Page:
Sayaka Chatani: A Report on Oral Interviews with Elderly from Okinawa and Miyagi
With the generous funding support from the Weatherhead East Asian Institute and EALAC, I finally wrapped up my two-year-long dissertation research this summer. My dissertation, Nation-Empire: Youth Mobilization in Japan’s Colonized Peripheries 1895-1950, investigates the mobilization of rural male youth by the Japanese imperial government through the “seinendan” (youth associations) in four locations across the empire. Starting in July 2010, I have travelled within and across Japan, Taiwan, and Korea to conduct archival research and oral interviews.
This summer, I went back to Okinawa and Miyagi, and also ended up tracking down an Okinawan figure to Aichi to meet the participants of youth groups back in the 1930s-50s. Finding where they are located now is more of an art than science, and sometimes takes more time than anticipated. I contacted the community center of Kijoka hamlet (my case) in Okinawa, and arranged group interviews with the elderly villagers when they gathered for a recreational activity. I could hear many fascinating anecdotes from them, but since most of them were women who left Okinawa as factory workers during their youth, they did not know much about the village youth group. I went to Ogimi’s new village history compilation office to consult where I could meet male survivors. In the office, I found many self-published personal memoirs, and by going through them, I found that Mr. Taira Eisho wrote about his experiences as a seinendan leader. Mr. Taira is 93 years old and I was not sure if he was able to, or willing to, meet with me. But I called him out of the blue, he was in good health and spirit, and kindly accepted my interview. I flew to another countryside of Aichi, where he lives presently, and asked him various questions. That is how I finished my oral interviews on my Okinawan case.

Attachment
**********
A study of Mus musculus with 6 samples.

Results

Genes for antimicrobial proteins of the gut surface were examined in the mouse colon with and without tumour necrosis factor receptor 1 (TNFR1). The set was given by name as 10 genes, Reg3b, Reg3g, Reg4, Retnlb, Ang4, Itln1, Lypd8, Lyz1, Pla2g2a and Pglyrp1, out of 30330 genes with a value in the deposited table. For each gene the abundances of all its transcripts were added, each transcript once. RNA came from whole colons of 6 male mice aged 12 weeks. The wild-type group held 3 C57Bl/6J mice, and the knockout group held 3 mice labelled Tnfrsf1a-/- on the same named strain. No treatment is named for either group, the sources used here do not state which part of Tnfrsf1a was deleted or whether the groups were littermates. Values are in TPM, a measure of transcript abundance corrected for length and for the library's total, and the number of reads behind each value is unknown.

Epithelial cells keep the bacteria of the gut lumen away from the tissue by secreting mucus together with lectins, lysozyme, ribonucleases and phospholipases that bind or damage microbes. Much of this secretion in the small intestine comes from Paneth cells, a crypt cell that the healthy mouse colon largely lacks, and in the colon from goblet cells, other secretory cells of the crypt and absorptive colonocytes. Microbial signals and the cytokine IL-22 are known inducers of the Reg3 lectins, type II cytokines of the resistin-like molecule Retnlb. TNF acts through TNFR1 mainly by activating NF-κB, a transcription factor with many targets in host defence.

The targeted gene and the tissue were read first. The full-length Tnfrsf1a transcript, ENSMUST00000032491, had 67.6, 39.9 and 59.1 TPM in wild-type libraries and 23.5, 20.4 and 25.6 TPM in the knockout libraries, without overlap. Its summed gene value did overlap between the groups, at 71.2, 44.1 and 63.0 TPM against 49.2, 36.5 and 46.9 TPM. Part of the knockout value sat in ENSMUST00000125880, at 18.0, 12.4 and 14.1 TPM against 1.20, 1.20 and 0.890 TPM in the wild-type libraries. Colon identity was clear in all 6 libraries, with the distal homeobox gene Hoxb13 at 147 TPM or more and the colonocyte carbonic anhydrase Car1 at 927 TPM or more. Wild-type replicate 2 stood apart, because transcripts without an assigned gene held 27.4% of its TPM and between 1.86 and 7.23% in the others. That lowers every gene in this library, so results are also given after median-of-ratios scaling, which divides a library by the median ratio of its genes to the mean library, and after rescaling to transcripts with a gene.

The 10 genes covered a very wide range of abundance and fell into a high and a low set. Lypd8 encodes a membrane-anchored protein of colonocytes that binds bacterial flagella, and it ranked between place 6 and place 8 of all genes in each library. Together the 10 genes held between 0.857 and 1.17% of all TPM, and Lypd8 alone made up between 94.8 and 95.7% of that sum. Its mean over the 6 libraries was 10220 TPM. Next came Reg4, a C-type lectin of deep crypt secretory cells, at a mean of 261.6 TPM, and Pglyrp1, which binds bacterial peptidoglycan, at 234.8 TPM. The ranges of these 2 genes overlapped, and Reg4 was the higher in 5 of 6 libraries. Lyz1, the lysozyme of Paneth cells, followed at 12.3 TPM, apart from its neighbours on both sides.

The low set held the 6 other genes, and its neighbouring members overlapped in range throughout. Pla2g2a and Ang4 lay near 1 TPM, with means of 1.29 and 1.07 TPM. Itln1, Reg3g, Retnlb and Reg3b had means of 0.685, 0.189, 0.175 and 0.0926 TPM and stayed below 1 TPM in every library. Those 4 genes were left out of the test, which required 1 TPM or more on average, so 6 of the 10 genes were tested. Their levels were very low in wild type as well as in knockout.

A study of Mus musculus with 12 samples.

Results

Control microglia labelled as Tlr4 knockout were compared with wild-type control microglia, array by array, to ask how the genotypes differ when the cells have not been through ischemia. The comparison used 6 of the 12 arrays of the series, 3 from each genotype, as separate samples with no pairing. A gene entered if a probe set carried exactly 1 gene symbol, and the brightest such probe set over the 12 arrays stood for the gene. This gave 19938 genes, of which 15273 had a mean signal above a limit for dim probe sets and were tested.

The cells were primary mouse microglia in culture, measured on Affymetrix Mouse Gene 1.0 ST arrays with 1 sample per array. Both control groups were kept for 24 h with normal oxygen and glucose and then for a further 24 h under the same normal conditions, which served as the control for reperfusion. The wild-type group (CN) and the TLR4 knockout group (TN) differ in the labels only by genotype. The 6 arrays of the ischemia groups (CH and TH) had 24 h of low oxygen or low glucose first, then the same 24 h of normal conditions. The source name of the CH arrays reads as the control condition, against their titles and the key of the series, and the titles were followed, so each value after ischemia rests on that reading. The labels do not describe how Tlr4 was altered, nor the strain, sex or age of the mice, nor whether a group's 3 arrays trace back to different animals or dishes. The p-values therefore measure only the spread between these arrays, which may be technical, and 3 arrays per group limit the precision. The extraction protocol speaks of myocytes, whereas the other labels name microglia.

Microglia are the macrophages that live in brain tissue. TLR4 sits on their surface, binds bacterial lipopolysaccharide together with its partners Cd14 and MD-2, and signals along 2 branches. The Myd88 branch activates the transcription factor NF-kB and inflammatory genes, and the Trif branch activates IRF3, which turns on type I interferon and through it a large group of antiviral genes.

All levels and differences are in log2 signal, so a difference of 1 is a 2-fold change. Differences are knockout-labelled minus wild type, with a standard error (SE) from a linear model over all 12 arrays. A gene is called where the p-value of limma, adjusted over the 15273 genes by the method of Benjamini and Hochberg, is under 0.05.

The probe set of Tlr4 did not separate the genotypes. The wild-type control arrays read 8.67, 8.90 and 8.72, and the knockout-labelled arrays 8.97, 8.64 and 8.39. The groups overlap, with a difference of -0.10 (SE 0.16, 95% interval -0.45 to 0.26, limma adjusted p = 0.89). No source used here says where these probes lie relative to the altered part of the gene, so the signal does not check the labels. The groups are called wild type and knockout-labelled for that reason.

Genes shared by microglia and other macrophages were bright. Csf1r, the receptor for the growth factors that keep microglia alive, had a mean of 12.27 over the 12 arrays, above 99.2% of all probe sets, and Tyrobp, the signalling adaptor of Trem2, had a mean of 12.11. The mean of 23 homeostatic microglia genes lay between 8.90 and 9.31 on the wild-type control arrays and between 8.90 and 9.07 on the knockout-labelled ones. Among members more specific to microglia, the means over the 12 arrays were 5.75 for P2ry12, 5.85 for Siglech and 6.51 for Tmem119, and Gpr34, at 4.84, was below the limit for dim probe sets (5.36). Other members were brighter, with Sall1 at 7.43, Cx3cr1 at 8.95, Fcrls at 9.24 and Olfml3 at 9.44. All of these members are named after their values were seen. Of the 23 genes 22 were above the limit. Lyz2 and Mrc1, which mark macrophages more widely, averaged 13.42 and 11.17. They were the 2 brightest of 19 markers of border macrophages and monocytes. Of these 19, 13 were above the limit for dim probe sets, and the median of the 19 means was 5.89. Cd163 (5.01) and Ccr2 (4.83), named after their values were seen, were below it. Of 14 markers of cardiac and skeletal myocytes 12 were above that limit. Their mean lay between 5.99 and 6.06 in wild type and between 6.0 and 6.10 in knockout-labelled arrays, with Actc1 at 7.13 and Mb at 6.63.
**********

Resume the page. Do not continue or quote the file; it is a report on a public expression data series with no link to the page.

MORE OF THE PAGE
In Miyagi, I previously worked with the Osaki city history office, so I asked them as well as the community center of former Shida village (my case) if they could introduce elderly citizens to me. They did give me a few names, and I visited them in the rural countryside near Furukawa. They did remember youth groups, but since they were originally from relatively wealthy farming families, who tended to receive secondary education rather than being active in the village youth group, they had a third-party view on seinendan. In retrospect, it makes sense that the government administration directed me towards more prominent families in the village rather than poorer ones with smaller land, who were the main participants of village youth groups. Nonetheless, I still gathered important accounts, especially on their postwar transformation to complement my archival material.
After these interviews, I moved to Tokyo to collect documents and books that I missed during my first round of research there two years ago. I have also drafted up a few chapters, and I am excited to continue writing my dissertation so that it will meet the expectations of my generous interviewees and funders.
For more information on the Weatherhead PhD Training Grant fellowship, please contact Kim Palumbarit at email@example.com.